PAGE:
INTRODUCTION


Air transportation remains a huge and growing industry. It enables economic advancements, global trade, worldwide investment and leisure industry. Consequently, it is central to the globalization experienced among many industries.

Over the past decade, the industry has grown by 7% with travelling for leisure and business purposes growing significantly. The availability of large aircrafts made it convenient and inexpensive for people to travel to various locations worldwide. Governments in developing countries recognised the impact of tourism on their economies and incited the improvement of resorts and infrastructures to attract tourists from prosperous countries.

MIT added that business travels have also increased as organizations tend to expand their business globally. Over the years, the industry as experienced some turbulences which saw some of the major players folding up and forcing many airlines to merge.

This writing looks critical at the aviation industry as a whole, challenges surrounding it and insights for a more productive future.


MARKET STRUCTURE


The aviation industry presently has more than 2100 airlines with the various companies handling over 23,000 air crafts operating in over 3,700 airports with over 32 million flights made and 2.5 billion passengers carried. In spite of the global crisis, the industry has become larger.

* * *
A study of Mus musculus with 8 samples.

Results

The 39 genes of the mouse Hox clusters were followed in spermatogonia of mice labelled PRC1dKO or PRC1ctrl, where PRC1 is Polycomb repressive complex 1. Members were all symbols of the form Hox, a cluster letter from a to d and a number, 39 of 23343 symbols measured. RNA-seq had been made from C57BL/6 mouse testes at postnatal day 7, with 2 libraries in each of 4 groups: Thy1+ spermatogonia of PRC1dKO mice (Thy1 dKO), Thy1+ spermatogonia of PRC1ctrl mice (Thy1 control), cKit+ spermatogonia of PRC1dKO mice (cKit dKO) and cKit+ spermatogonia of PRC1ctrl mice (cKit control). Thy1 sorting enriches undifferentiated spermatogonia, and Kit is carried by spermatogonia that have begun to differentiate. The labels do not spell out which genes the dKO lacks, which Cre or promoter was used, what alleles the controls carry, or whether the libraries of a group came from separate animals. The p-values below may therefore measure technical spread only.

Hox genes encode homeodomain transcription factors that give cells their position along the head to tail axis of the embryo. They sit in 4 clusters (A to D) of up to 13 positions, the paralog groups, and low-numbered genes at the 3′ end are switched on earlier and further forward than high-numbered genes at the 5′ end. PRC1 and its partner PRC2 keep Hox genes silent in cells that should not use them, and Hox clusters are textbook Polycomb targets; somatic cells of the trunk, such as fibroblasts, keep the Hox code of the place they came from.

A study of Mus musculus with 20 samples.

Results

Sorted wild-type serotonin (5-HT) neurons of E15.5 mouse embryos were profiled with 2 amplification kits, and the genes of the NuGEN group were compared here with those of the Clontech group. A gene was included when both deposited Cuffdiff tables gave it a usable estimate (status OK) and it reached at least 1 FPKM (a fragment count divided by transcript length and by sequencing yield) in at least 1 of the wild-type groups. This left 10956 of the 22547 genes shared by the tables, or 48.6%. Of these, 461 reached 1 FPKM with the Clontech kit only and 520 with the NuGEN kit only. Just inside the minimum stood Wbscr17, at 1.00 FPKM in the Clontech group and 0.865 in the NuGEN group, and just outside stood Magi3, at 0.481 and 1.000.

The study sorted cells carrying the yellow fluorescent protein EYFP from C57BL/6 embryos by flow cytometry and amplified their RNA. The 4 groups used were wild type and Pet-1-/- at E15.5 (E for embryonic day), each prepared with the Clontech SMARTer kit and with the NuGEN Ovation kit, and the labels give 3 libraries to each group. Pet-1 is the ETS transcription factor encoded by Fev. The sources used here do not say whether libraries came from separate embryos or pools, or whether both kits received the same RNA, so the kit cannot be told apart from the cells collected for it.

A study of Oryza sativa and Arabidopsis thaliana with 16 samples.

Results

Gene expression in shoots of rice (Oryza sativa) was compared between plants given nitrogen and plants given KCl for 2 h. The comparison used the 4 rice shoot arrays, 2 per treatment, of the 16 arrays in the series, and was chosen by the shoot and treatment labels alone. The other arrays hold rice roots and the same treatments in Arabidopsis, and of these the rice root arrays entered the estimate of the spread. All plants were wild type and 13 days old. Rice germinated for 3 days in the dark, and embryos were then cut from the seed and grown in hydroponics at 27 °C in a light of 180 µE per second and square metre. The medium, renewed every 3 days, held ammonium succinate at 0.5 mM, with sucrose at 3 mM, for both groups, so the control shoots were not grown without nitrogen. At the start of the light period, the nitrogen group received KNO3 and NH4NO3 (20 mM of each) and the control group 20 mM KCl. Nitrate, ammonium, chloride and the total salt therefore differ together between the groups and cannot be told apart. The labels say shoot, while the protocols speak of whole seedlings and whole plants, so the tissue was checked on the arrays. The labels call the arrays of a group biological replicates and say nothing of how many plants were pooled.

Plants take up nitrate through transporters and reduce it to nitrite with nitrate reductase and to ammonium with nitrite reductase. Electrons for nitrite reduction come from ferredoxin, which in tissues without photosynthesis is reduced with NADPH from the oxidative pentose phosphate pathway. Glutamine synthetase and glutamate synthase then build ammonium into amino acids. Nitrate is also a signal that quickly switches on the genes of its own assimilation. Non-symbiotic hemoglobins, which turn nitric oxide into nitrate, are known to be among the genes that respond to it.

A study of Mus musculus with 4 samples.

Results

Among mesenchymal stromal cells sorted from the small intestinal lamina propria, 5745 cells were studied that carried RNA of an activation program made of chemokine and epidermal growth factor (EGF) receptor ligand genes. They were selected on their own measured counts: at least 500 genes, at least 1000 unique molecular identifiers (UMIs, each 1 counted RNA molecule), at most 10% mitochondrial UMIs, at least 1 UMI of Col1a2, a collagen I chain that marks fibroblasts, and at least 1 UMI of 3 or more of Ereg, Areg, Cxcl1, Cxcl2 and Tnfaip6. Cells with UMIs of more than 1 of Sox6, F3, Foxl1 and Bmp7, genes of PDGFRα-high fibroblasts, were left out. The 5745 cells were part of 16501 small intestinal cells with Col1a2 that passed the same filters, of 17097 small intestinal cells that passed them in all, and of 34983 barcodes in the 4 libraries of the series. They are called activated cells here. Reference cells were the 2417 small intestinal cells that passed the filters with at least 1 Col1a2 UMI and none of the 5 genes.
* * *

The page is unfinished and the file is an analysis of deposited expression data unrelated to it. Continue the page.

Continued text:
Modern air craft production is capital-intensive, demanding immense expenditure. As technology as improved and the economies of scale benefits have become more profound, the cost of designing and marketing an aircraft have become extensive, strengthening the barriers to entry in the industry, thereby leading to few firms competing in the industry and producing a market structure that looks like an oligopoly.


CHALLENGES IN THE INDUSTRY


    Dubois added that some of the challenges faced by the industry are:

  • high labour cost
  • unstable fuel prices
  • harsh legislation
  • Osborne also identified some of the challenges to be:

  • security
  • Inflight connectivity
  • safety in the air
  • consumer demands

CONCLUSION


In spite of the challenges faced by the aviation industry, their increasing productivity is quite an achievement. Much of the changes however have been at the passengers’ expense. Business passengers will like to see a balance in the industry: an aviation industry that is fit enough to avoid government intervention or widespread liquidation, but competitive enough to bring down the prices of tickets and improve services.